Wednesday, December 1, 2010
 

Good news about road diet on Lawyers Rd

This summer VDOT conducted a survey to assess travelers' thoughts about the road diet on Lawyers Road in Reston. VDOT also collected information about travel speeds and crashes on the road, and it's good news:
  • Average speed dropped by about 1 mph, from roughly 45 to 44 mph, but there was a more notable change in the fastest speeds. Before the road diet, 13% of vehicles were recorded at 50 mph or above. After, only 1% of vehicles were recorded at or over 50 mph. These speed results led VDOT to reduce the speed limit on Lawyers from 45 mph to 40 mph.
  • In the four years prior to the road diet, Lawyers averaged 15 crashes per year. In the first year after the road diet, we observed only 3 crashes in the same segment of Lawyers, for an 80 percent drop. It is too early to make any firm conclusions about the safety results, but the initial trend is very encouraging.
In response to the reduction in operating speeds, VDOT reduced the speed limit from 45 mph to 40 mph in March 2010.

According to the survey, people think the road is now safer, encourages more people to travel by bike, that travel times have not increased, and that road diets should be used elsewhere:
A total of 851 responses to the survey were collected. Of these responses, 67 included only answers to the first two demographic questions; these responses were discarded, leaving 784 valid responses.

Key Findings
  • 69 percent of respondents said Lawyers seems safer after the road diet was implemented, compared with 15 percent who felt that it seems less safe.
  • 47 percent of respondents bicycled on Lawyers more often than before, indicating that the road diet encourages cycling as a travel mode.
  • 69 percent of respondents said auto travel times have not increased, even though 59 percent said speeds dropped.
  • 74 percent of respondents agreed that the project improved Lawyers Road.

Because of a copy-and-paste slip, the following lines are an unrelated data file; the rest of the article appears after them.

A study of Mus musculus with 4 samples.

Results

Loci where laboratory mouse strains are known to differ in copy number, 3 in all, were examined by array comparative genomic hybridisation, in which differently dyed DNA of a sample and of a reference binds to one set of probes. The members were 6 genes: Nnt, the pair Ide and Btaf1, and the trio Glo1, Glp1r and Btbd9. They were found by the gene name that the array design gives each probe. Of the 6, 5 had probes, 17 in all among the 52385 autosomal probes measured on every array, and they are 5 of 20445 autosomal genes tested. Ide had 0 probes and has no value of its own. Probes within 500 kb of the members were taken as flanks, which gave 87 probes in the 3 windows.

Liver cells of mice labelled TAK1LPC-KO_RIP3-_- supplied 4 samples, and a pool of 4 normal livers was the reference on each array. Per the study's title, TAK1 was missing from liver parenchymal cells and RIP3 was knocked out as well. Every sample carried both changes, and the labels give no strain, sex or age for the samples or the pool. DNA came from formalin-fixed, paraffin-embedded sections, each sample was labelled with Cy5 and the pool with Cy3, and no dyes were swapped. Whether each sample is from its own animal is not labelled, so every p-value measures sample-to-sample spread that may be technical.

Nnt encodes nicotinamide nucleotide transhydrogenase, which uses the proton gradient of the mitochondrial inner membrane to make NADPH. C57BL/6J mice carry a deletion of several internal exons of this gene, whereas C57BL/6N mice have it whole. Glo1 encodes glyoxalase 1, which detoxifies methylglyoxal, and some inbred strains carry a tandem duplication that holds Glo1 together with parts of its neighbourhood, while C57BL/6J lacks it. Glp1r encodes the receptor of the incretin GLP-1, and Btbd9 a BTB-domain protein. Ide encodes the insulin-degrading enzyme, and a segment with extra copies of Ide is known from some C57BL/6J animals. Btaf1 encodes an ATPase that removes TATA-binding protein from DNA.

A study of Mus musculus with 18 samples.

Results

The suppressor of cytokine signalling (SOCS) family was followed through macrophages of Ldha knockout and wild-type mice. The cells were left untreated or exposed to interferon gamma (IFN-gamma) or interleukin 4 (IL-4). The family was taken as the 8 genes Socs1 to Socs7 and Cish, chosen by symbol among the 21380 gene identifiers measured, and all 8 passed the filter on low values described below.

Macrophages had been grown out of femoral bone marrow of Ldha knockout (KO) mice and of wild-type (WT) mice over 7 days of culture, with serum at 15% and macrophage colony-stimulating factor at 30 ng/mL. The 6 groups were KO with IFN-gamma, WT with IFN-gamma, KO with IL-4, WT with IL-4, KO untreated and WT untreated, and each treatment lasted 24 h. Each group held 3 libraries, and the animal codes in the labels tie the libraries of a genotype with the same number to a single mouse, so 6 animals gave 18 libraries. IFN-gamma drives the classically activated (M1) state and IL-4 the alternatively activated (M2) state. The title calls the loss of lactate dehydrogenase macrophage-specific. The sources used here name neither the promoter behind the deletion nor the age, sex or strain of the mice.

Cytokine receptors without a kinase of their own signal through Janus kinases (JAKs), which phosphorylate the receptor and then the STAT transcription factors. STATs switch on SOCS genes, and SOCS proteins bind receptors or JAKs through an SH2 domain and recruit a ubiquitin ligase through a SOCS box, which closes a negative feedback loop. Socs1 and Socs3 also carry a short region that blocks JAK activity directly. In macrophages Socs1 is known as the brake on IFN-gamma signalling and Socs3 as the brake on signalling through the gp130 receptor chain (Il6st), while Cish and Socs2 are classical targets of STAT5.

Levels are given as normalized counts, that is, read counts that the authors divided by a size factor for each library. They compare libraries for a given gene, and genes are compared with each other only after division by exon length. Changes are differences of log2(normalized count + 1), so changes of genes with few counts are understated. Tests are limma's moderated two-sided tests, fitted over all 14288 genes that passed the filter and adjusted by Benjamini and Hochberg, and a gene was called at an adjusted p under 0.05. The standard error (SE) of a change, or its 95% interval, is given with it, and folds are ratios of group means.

• 71 percent of respondents agreed that other road diets should be considered in Northern Virginia.

I used to use Lawyers Rd, extensively and very little. However, I too notice the safety improvement and reduction in speeders, even without heavy policing by FCPD. I am afraid to bicycle on the road, though. I'm doubtful if it increases commuting by bike for all but really dedicated bicycle riders. Distances, safety, and climate are the key reasons why people cannot commute by bike. Around here, and most places in the USA, bicycling on most roads, shared with cars and trucks, is too dangerous.
 
Many people currently commute by bike. Most of the trips we take, less than half of which are commuting to work, are relatively short and could easily be taken by bike. We also have a relatively mild climate and with the proper equipment, traveling by bike is possible during most of the year. Some of the highest bicycle mode shares are in cities with colder or wetter climates than ours, such as Portland, OR, Minneapolis, MN, and Copenhagen, Denmark.

Lack of safe bicycle accommodations is the biggest factor in people deciding not to travel by bike, and the Lawyers Road bike lanes are a great first step. They are the first dedicated on-road bike facilities in Reston. I use Lawyers all the time now, both by bike and car. It's a safer road for everyone.
 
Do you know what happened to travel times on Lawyers Rd?
 
Just to clarify my earlier question: I read that survey respondents thought that travel times remained the same. I'm wondering whether there have been any empirical measurements that verify the observation.
 
I think VDOT was mostly concerned about safety data. I don't know if they have studied travel times. I think by inference one could say that travel times haven't changed much since the average speed was reduced by only 1mph. I suppose for those 13% of motorists who were traveling faster than 50mph before the road diet were slowed since after the project on 1% were going over 50mph, but that's a good thing.
 
Sorry. Got caught up with life. My response is essentially, "Duh! I can't believe I missed that."

But thanks for the polite response anyway.